Antonio Caldara was an Italian Baroque composer. He was the son of Giuseppe Caldara, a local violinist of no great fame. In his childhood, Caldara was a choirboy at St. Mark's Cathedral in Venice and also studied the viol, the cello, and keyboard. He may well have been a pupil of the maestro di cappella of St. Mark's, Giovanni Legrenzi, but this is uncertain. By 1689 he was known as a cellist and his growing number of compositions included operas, sonatas da chiesa and da camera, and solo cantatas. Performances of his operas had been given at Venice and Rome by the early 1690's and a personal visit made to Rome towards the end of the 17th century, about this time implies an acquaintance with and perhaps instruction from Corelli, Aless, Scarlatti and Pasquini. He returned to Venice around 1698.
In 1699, Antonio Caldara left Venice for Mantua: he was appointed maestro di cappella da chiesa e dal teatro to Ferdinando Carlo (Charles IV), the Duke of Mantua, a pensionary of France with a French wife, who took the French side in the War of the Spanish Succession. The Duke had a reputation for a dedication to grandiose opera productions, the cost of which threw the finances of Mantua into disarray. It is difficult to determine exactly what Caldara was doing during the period of his employment with the Duke, for virtually none of his music from this time survives. Caldara remained in the Duke's service until 1707; the Duke died mysteriously the following year. In 1708, Caldara was in Rome; while there, he composed of church music and oratorios for Cardinal Ottoboni, and became acquainted with such luminaries as Georg Frideric Handel, Alessandro Scarlatti and Domenico Scarlatti, and Antonio Corelli. In this same year, Caldara also composed a number of operas, including Sofonisba.
Later in 1708, Antonio Caldara departed for Barcelona and his first association with the Habsburg dynasty in the person of the Archduke Charles (Charles III). The performance of Caldara's Componimento da camera per musica: Il più bel nome nei festeggiarsi il Nome Felicissimo di Sua Maesta Cattolica Elisabetha Christina Regina delle Spagne at the celebration of Charles' marriage to Elisabeth Christine of Braunschweig-Lüneburg (Barcelona, August 1708) firmly established him as a favourite and despite his return to Rome to take up the position as Maestro di Cappella to Francesco Maria Ruspoli, Prince of Cerveteri (July 1709), contact with the Spanish Court was not broken. Indeed, as later developments proved, it was a most fortunate connection. In the light of Ruspoli's eminence as a patron of the arts, Caldara's appointment as director of the noblemans, distinguished band of virtuosi di canto e suono is proof of an established fame. From his compositional output during the next seven years it is clear that Caldara's muse flourished in this more stable environment and he composed mainly secular works including 150 solo cantatas, over 50 duets, four operas and nine oratorios.
After marrying contralto Caterina Petrolli, Caldara left Rome in 1711, travelling to Vienna and Milan, then returning to Rome to fulfil his duties to the Prince. Between 1711 and 1715, Caldara composed, among other things, a significant collection of two and three voice motets.
Yet despite an obviously secure position, the news of the death of the Habsburg Emperor Joseph I (April, 1711) and the proclamation of his brother Charles III of Spain as Charles VI, Holy Roman Emperor, brought Caldara to Vienna hoping that the earlier favouritism would secure a court appointment. In the event, the present Vice-Kapellmeister Marc' Antonio Ziani had been made Kapellmeister before Caldara's arrival; Johann Joseph Fux secured the post of Vice-Kapellmeister. Caldara returned to his position in Rome - retained by means of a steady flow of compositions from Vienna - but not before making a detour through Salzburg to court the favour of Franz Anton von Harrach, the Prince-archbishop.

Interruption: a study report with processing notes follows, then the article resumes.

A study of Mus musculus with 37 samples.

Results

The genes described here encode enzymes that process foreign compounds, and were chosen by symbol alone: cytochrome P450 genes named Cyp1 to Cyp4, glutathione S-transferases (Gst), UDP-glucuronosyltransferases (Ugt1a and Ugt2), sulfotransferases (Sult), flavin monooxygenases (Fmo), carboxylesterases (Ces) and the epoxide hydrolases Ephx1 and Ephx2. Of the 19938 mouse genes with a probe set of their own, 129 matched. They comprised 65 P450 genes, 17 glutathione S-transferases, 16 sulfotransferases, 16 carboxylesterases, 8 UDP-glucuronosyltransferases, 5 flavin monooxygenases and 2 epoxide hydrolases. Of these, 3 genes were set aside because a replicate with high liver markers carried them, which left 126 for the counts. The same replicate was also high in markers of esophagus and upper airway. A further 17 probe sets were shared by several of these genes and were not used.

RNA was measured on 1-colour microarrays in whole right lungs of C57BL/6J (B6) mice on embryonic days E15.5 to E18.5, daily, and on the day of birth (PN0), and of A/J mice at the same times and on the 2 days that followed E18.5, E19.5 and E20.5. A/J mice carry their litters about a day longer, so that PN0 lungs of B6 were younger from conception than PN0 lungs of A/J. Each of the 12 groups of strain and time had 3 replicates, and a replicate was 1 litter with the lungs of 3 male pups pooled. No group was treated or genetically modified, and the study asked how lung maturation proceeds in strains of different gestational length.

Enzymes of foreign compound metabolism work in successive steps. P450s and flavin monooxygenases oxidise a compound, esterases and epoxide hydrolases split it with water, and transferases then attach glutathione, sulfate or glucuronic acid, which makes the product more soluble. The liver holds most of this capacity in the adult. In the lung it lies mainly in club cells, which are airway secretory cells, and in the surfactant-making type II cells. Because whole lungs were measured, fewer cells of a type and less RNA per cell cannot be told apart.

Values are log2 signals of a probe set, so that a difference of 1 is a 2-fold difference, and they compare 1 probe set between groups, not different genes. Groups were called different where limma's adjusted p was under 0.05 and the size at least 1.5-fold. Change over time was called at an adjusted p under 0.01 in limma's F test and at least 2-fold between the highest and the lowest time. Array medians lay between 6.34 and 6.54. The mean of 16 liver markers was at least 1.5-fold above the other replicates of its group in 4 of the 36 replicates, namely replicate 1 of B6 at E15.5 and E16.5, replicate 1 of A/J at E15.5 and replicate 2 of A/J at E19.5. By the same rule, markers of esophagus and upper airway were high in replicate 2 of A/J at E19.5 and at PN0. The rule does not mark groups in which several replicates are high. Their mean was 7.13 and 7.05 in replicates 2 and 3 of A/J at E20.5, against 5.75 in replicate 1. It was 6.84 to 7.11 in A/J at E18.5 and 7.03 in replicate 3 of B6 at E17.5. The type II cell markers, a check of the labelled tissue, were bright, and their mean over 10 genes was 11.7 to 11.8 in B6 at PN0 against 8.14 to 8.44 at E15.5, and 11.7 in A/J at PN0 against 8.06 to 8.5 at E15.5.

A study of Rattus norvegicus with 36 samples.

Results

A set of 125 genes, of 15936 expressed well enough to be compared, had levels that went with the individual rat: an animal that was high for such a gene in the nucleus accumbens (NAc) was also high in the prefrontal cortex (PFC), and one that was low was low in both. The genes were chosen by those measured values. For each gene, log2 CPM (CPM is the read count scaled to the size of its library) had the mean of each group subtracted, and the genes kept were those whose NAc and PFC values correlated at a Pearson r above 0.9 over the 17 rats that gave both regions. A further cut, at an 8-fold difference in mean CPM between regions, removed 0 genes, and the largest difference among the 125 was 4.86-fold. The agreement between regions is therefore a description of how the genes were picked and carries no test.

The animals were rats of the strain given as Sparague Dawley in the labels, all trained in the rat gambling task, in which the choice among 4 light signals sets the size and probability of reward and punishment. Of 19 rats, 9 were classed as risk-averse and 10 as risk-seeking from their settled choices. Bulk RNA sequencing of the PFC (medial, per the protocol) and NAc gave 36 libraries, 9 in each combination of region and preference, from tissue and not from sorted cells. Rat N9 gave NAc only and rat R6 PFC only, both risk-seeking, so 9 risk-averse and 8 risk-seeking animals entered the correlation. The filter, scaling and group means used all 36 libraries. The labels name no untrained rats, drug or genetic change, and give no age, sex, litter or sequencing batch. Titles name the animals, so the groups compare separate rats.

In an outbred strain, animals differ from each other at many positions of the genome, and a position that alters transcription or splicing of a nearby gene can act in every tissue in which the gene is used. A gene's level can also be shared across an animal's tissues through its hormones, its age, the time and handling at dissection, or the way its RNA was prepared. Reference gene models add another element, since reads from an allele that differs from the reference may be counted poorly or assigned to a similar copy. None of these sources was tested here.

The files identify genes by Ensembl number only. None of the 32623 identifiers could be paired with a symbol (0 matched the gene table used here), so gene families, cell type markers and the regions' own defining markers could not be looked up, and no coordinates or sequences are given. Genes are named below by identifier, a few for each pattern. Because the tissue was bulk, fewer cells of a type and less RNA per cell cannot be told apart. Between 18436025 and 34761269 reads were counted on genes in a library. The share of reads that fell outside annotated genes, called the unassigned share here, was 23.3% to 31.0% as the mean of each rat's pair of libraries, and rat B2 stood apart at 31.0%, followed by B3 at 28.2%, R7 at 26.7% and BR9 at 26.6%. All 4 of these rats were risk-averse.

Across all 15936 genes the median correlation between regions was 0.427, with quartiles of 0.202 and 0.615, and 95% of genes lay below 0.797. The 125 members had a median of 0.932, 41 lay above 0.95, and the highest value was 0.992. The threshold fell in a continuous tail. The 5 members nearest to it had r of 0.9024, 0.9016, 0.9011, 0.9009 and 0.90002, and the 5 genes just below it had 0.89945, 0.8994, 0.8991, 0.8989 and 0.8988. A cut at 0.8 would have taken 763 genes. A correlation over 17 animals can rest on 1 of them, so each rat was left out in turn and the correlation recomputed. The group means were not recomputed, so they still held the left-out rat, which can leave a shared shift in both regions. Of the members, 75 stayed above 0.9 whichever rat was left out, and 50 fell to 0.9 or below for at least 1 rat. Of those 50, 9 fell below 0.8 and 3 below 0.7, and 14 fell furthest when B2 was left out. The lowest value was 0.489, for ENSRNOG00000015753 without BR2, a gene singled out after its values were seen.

A reshuffling of posts at the Imperial Court upon Ziani's death in 1715 and a more or less firm promise of an appointment brought about Caldara's final break with Rome. He was appointed Vice-Kapellmeister to Charles VI in 1717 (J.J. Fux became Kapellmeister). He e left Rome for good in 1716, after composing some cantatas for his former patron, Prince Ruspoli, and settled in Vienna. Once in Vienna, Caldara was faced with a demanding new position in which he was required to compose many large and small-scale dramatic works each year, including many operas and oratorios. In addition to his busy schedule, Caldara also accepted outside commissions, composing operas for nobles in Salzburg and Monrovia. He was well-respected and well-paid in Vienna (though he had a reputation for lavish spending), and was able to be active as a composer until his death in December 1736. The compositions of these last twenty years were prolific in number, diverse in genre, often brilliant and certainly never less than highly competent in quality, mature and personal in expression and style, and above all, secured for Caldara a European fame that lasted long after his death.
Antonio Caldara is chiefly known as a composer of vocal music (operas, cantatas and oratorios), and is especially remembered for his operas, many of which are settings of librettos by Zeno and Metasasio. His stylistic development as a composer, however, has been described as a movement from works that are carefully crafted, with attention given to both musical and dramatic elements (his pre-1716 works) to music that becomes increasingly less detailed and texturally thinner (post-1716), reflecting Caldara's pressing schedule in Vienna. Today, manuscripts of Caldara's music are widely dispersed across Europe but his compositions which record so valuable a picture of the late Baroque in Italy and Austria are comparatively unknown to performers and little studied by scholars.